Slavery was one of the most divisive political issues in the Congress of the United States in the first half of the 19th century. Many Congress members from the Northern states pressed to end slavery, both because it was considered immoral and because white labor could not compete with unpaid black labor. Members from the Deep South believed that slavery was essential to their cotton-centered agricultural system and that the North was trying to dominate the national economy. By the 1850s, Southerners saw their power slipping in Congress, calls for abolition of slavery were increasing, and many in the South came to believe that secession from the Union was the only way to protect “Southern rights,” including the right to own slaves.
Virginia was not as proslavery and secessionist as the Deep South. In 1832 an act to abolish slavery was introduced into the legislature by Thomas Jefferson’s grandson and was defeated by only seven votes.
In 1859 Virginians elected a moderate, pro-Union governor, John Letcher, and in the presidential election of 1860 they failed to vote with the other Southern states for John C. Breckinridge of Kentucky, candidate of a secessionist splinter group of the Democratic Party. Instead, Virginia was carried by the pro-Union John Bell of Tennessee.
Feelings against the North had been aroused, however, by abolitionist John Brown and his invasion of the state and capture of the federal arsenal at Harpers Ferry (now in West Virginia) in 1859. A detachment of U.S. Marines under Colonel Robert E. Lee put down the insurrection. Brown was tried by the state of Virginia for treason and murder and was executed.
Abraham Lincoln was elected president in 1860 as the candidate of the Republican Party, which opposed the spread of slavery. He received only 1.1 percent of Virginia’s votes, and most of those were in the western counties. The Deep South state of South Carolina had threatened to secede if the Republicans won, and in December 1860 it did so. Other Southern states began to follow, and war looked imminent. The Virginia legislature initiated a peace convention that met in Washington, D.C., in February 1861, at the same time that the breakaway states were organizing themselves as the Confederate States of America. Presiding over the peace convention was a Virginian, former President John Tyler. However, the seven seceding states sent no delegates, and this convention was unable to achieve anything.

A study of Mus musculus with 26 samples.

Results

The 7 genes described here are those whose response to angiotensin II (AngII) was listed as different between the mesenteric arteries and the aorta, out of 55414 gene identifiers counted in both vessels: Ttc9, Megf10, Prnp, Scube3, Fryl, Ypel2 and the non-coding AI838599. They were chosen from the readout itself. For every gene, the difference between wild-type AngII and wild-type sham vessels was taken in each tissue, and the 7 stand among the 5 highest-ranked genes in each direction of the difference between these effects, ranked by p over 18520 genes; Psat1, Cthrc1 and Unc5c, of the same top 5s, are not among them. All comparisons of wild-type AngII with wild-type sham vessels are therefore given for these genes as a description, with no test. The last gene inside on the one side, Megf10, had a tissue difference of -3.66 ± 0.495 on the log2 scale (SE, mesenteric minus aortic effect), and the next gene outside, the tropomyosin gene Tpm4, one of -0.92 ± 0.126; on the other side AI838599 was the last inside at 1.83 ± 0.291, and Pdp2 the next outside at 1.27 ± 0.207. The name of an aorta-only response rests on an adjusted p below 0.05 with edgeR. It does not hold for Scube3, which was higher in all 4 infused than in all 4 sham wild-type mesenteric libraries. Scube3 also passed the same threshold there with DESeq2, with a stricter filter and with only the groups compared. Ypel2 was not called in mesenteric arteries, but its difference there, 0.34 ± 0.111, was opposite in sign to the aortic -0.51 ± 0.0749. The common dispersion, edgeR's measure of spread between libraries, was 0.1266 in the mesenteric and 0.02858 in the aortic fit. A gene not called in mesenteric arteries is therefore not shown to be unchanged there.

TA Virginia state convention to consider secession met on February 13 in Richmond; on April 4, it rejected secession by a two-to-one margin. Later in April, however, after South Carolina fired on a federal fort, Lincoln called for volunteers to put down the “insurrection.” Virginians were outraged at the idea of fighting. their sister states and refused to supply their quota. Feeling that there was no alternative, the Virginia convention voted on April 17, 88 to 55, to secede and join the Confederacy. "Virginia" © Emmanuel BUCHOT, Encarta, Wikipedia.